The Wampanoag and Calvinist: a Parable of Misdirection
"Caleb's Crossing" by Geraldine Brooks outlines the clash between faith and culture of the Wampanoag and Calvinist people; that is a symbolic parable of the misdirection of humanity and its fall from the natural world to its ideal worship of materialism. Throughout the novel, we see the Wampanoag's polytheistic faith of gratitude, appreciation, and interconnectedness with the natural world, clash with the Calvinist's dogmatic and zealous ideologies of sin, hubris, disconnectedness with nature, punishment and sin. Each side's faith is a correlation of the peoples behavior with the natural world, and parallels their interaction with it. The hubris of Calvinism is a conveyance of the fundamental disconnection of humanity with nature, and the creation of a faith far more dogmatic and extremist than any other in the world - Materialism.
The word "pagan" according to the "Pocket Oxford American Dictionary" is "a person holding religious beliefs other than those of the main world religions." It is a derogatory term that has origins to the Latin word 'paganus' which means 'civilian heathen' (Oxford Dictionary, 600). Pagans have always be made out to be evil heretical people, who are the devil's advocate; practicing sorcery, necromancy and other evil deeds. This term comes up in the novel many times, when the Calvinist refer to the Wampanoag, and it is specific to the fact that they come from a faith that is based outside the church. However, this tribe is far from the demon-worshipping, savage heretics that the Colonist would have us believe. They are an extremely peaceful and harmonious people, they practice what might be considered "magick" during rituals, however it is far from evil and serves only as a cultural tradition handed down from generation to generation for the preservation and sanctity of their lifestyle and spirit.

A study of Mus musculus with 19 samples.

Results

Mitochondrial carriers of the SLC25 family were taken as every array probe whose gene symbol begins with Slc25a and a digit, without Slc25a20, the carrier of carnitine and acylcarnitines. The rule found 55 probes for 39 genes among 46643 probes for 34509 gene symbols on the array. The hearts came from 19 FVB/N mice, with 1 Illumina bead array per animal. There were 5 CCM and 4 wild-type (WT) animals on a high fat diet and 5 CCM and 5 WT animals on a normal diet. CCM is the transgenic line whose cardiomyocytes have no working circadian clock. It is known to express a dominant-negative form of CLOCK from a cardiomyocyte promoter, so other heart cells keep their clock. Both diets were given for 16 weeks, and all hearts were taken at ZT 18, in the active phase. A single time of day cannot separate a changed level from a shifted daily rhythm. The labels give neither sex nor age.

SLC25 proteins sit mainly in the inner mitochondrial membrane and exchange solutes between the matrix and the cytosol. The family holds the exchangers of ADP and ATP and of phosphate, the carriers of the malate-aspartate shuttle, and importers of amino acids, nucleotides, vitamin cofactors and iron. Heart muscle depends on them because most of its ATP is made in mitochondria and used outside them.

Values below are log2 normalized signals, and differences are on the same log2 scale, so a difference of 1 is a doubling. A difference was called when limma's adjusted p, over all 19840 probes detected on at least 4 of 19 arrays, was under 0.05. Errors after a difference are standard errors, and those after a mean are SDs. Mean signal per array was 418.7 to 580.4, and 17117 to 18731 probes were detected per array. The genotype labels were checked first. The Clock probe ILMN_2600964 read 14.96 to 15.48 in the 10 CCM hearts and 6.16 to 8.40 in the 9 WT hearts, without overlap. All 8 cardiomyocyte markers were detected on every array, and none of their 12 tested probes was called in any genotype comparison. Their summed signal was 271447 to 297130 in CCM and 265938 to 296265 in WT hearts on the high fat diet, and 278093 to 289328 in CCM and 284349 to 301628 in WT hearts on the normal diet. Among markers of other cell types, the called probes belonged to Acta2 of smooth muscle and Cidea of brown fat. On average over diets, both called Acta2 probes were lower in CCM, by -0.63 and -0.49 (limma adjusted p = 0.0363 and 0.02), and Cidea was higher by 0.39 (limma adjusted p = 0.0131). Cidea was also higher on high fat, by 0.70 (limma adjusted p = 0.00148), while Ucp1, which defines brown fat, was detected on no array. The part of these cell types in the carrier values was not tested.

To convey Wampanoag spirituality is a complex task, one must first look at Native American spirituality as a whole and start to dichotomously focus on the specific religion of the Wampanoag people.
At the time of European settlement in North America there were three commonalities shared by most tribes: First, all major indigenous people had established belief systems that were around for generations. These religious systems were grounded in creation myths and were orally exchanged between each consecutive generation of the tribe; offering a mythology for the creation of their people. Second, in each belief system there existed a omnipotent creator or overlord that assumed a variety of forms and genders. The overlord or "Creator" was host of many lesser deities, such as the god of the sun, or the god of death. Lastly, most Native Americans believed in an after-life and the immortality of the human spirit (Heyrman, National Humanities Center).
The Wampanoag, like many of the New England tribes, believe that everything has spirit, which is the basis for the deep respect they have toward all living things. They believe that everything comes from the "Creator" or "Great Spirit" and that he ties all of life together; because he is at the core of all existence. They believe that the world was given to humanity as a precious gift to be respected and admired. The way religious life was conducted lie in the hands of the shaman or "pawaaw", who would initiate specific ceremonies consisting of dances, smoking tobacco, chants and songs. Tribal members would ask the shaman to influence the weather, health, "success in courtship, hunting or war" ("Religion", Greenwood Encyclopedia). Seasonal ceremonies would help to influence the weather and its effect on the harvest. Sweat lodges were used to purify the body before communion with spirits, or to cure aliments caused by them ("Religion", Greenwood Encyclopedia).
The beliefs of the Wampanoag are the very foundation for their harmonious existence with nature; they believe all life is something to be...
Talbot, Steve. "Spiritual Genocide: The Denial of American Indian Religious Freedom, from Conquest to 1934." Wicazo Sa Review 21.2 (2006): 10. JSTOR. Web. 29 Mar. 2013.